I think the questions here are more asking “will this be enough” and “what else do I need to be checking for”
We will likely be pulling the motors apart and adding the loctite here - we’ve already removed any grub screws on the motor as we actually managed to drop one into one of our Falcons on the first day - if you tighten them they jut keep going!
I sent an email to Vex Support to ask about the issue directly as well - the fact that they monitor Chief is wonderful, but as @Jon_Jack has mentioned the best course is to email them directly.
We’ve had very few issues with our Falcons, and have so far loved using them on our drive train! We’re really looking forward to seeing how well they perform in the coming weeks.
EDIT: Wow! What a fast response from Vex! It seems the recommendation is Loctite 243. We’ll be applying it tonight.
Looking at the Falcon Shaft Docs & Downloads, I don’t see a torque spec for the M2.5 shaft bolts in particular (or any of the bolts in general). For something that small - somewhere around 7-8 in-lbs? I’d like the option to give our students a torque-controlled tool for this, rather than rely completely on loctite and “feels right”.
Can you add the bolt length to the manual as well? I’d like to buy some spare M2.5’s because I know we’ll manage to lose some of these in the process.
**Unrelated desired product update: Torx drive on the M2.5s to match the back end; my students tried to use the same T10 driver on the 2mm hex and wrecked the T10 tip.
Or a T6/T8. Bonus: probably results in more torque/more bolt tension in the joint.
This would have been nice to know before we built our robot so we could have done this beforehand
may not have had Loctite not properly applied
I had to read that 4 times…
Thanks for sharing, and thanks to VEX for adding the note.
Thank you for making the public note on the product page. Appreciate that Vex is trying to get ahead of this and provide public guidance on the issue, underscores your commitment to customers.
Geeking out about fastener locking design for young engineers in this thread
“May not have had Loctite applied properly at the factory” - it sounds like Vex was shipping in bare bolts and applying wet loctite in the Falcon factory, which is a high risk difficult-to-control process and pretty far down my list of preferred solutions in work contexts.
With the fast ramp they pulled off for this product - I can imagine many ways to get that far down the solution list - but I didn’t know about pre-applied locking patches until I was working for a couple years. Products like this https://www.mcmaster.com/bolt-locking-patch will save you many many headaches.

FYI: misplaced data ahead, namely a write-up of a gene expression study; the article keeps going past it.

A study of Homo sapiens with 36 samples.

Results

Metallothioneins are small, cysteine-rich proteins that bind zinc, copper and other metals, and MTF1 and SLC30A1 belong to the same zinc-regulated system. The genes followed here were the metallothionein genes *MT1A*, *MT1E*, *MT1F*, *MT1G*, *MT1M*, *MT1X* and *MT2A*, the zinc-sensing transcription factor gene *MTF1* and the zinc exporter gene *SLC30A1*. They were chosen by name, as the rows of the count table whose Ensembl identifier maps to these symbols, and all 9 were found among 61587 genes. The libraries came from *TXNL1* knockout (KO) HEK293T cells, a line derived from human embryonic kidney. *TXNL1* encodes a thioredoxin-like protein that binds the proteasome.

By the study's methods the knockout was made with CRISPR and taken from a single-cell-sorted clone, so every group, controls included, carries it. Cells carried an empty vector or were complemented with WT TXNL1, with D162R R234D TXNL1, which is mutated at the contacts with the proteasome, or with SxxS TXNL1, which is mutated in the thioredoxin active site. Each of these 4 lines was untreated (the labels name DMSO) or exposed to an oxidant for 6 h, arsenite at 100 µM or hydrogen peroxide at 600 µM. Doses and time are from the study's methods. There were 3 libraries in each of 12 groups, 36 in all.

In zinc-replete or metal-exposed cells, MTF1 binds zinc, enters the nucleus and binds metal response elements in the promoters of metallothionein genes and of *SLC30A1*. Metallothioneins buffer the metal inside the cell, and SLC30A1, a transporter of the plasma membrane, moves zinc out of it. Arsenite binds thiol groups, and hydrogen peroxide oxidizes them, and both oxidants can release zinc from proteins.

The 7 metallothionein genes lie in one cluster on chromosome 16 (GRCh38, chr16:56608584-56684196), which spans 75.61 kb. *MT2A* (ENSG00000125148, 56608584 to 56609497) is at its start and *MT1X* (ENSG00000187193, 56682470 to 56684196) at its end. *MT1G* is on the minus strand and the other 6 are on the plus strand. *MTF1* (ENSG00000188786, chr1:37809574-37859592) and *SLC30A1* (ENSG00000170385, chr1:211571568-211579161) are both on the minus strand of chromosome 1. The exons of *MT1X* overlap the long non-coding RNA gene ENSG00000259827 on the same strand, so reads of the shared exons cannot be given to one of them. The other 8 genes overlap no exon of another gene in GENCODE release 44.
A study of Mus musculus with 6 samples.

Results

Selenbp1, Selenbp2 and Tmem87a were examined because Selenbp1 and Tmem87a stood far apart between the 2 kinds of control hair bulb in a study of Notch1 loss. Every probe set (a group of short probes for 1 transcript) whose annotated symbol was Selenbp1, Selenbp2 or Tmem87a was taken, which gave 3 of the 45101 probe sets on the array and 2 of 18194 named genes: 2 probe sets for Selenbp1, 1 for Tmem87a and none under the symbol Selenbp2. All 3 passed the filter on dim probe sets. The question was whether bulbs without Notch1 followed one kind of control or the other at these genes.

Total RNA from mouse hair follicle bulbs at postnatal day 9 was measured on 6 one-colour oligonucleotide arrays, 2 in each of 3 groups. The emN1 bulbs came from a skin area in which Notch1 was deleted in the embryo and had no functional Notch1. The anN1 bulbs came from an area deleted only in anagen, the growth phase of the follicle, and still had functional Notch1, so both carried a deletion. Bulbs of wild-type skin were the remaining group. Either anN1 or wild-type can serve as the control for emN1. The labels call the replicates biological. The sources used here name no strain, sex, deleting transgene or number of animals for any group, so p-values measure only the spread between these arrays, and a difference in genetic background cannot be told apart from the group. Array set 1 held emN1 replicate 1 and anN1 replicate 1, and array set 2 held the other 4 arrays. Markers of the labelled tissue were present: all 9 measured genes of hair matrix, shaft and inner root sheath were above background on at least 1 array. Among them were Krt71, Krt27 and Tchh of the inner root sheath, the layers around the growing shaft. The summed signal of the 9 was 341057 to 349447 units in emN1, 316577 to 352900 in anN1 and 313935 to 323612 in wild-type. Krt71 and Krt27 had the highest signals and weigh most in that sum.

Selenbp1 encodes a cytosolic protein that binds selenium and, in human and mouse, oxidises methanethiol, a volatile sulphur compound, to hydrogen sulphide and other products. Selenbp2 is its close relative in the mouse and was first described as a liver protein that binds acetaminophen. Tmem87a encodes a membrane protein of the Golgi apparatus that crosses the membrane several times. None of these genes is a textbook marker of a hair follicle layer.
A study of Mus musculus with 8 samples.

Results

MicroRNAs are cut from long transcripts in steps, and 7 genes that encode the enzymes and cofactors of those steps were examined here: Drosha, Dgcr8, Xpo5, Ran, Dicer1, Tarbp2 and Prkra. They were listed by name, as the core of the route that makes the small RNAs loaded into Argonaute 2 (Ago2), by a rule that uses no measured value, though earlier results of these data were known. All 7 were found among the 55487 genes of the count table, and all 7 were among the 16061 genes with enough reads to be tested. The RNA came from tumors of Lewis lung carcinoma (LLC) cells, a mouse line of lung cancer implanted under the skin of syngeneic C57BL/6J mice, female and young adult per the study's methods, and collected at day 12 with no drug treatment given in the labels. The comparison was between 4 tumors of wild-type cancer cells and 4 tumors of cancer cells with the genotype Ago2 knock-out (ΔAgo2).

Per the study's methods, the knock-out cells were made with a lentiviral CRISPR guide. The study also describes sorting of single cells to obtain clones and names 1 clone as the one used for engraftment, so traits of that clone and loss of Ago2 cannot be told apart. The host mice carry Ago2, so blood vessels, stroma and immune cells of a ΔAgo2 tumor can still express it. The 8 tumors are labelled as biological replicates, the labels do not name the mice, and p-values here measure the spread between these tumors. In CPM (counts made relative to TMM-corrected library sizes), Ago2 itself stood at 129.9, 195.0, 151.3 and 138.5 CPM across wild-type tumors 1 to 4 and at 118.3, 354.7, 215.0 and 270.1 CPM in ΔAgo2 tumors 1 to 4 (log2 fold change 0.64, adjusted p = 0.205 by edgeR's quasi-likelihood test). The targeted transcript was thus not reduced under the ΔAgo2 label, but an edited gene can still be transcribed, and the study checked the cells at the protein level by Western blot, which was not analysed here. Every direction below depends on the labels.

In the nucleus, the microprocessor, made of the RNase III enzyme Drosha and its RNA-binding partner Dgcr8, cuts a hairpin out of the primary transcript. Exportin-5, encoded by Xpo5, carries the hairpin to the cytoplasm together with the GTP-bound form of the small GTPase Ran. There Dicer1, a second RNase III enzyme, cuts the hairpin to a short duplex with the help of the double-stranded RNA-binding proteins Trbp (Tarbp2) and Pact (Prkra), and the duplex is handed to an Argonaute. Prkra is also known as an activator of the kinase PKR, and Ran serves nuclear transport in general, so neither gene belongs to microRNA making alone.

Use pre-applied locking patches or mechanical locks in your professional designs. Avoid dealing with correct application of chemicals/curing/contamination on the final assembly line.
It’s possible Vex had a locking patch solution in place that failed - the relevant specification and QA testing would be on the “prevailing torque” created by the locking mechanism. The chemistry, patch thickness, etc, is hard to get right and I’ve dealt with my fair share of nonconforming (all non-name-brand, no issues with genuine Henkel) suppliers in that space.
The downside is leadtime, generally 1+ weeks in China & 3+ elsewhere - if this showed up late in ramp / late in qualification testing, Vex would need to keep the lines on with something and that something could be liquid-based.
It’s great that they’ve acknowledged the issue on their website… but what are the odds a team that already has them in hand is going to browse the website and see it? I’d really like to see an email notification go out with that information.
This appears to be a relatively prevalent issue, from what I’ve heard. There were several different people from different areas that reported local teams with the problem on the weekly LRI call last night. I’m going to be taking all of my team’s falcon’s apart tonight to fix…
As a further example for the students, there is a pre-applied locking patches on the 7 Falcon set screws.
(Which have also been reported to back in & out in much smaller numbers, which makes me wonder if there was prevailing torque acceptance testing in place…)
Yeah, the set screw thing is tough because you can’t torque those to a proper level, they just float in there.
Good catch to those who found the issue with the falcons, but before everyone goes and tears their falcons open, you might wanna consult with your local LRI.
R28 allows a mod to the Falcon 500 for remove plug screws but prohibits modifying the internals of the motor. I know it’s to prevent the motor from being compromised, but you might want to wait for FIRST to weigh in before messing with your motors!
A Friendly Neighborhood Inspector
You might be interested in Q122. Modifying the Falcon shaft is completely legal.
Everyone should be aware that a degrease step is part of the official instructions for applying loctite (which typically nobody does), but it 100% should be done when loctiting these motor screws.
Good find! Thanks for sharing that.
Does anyone know which number is the date code or where it is found? We see 2 different numbers that begin with 19#####, so we will be taking our apart regardless. We are assuming that 217-6515 is not the date code.
Out of curiosity… was there a loud screeching/squealing noise (far louder than the Falcon’s stall whistle) prior to this failure?
Ooh, I’m glad we bought those ThriftyBot output shafts, and had the kiddos Loctite all the screws when they installed them!
19-708850 is the CTRE part number.
You should be looking at the bottom line of text which would start with a 19 or 20 and not have any dashes.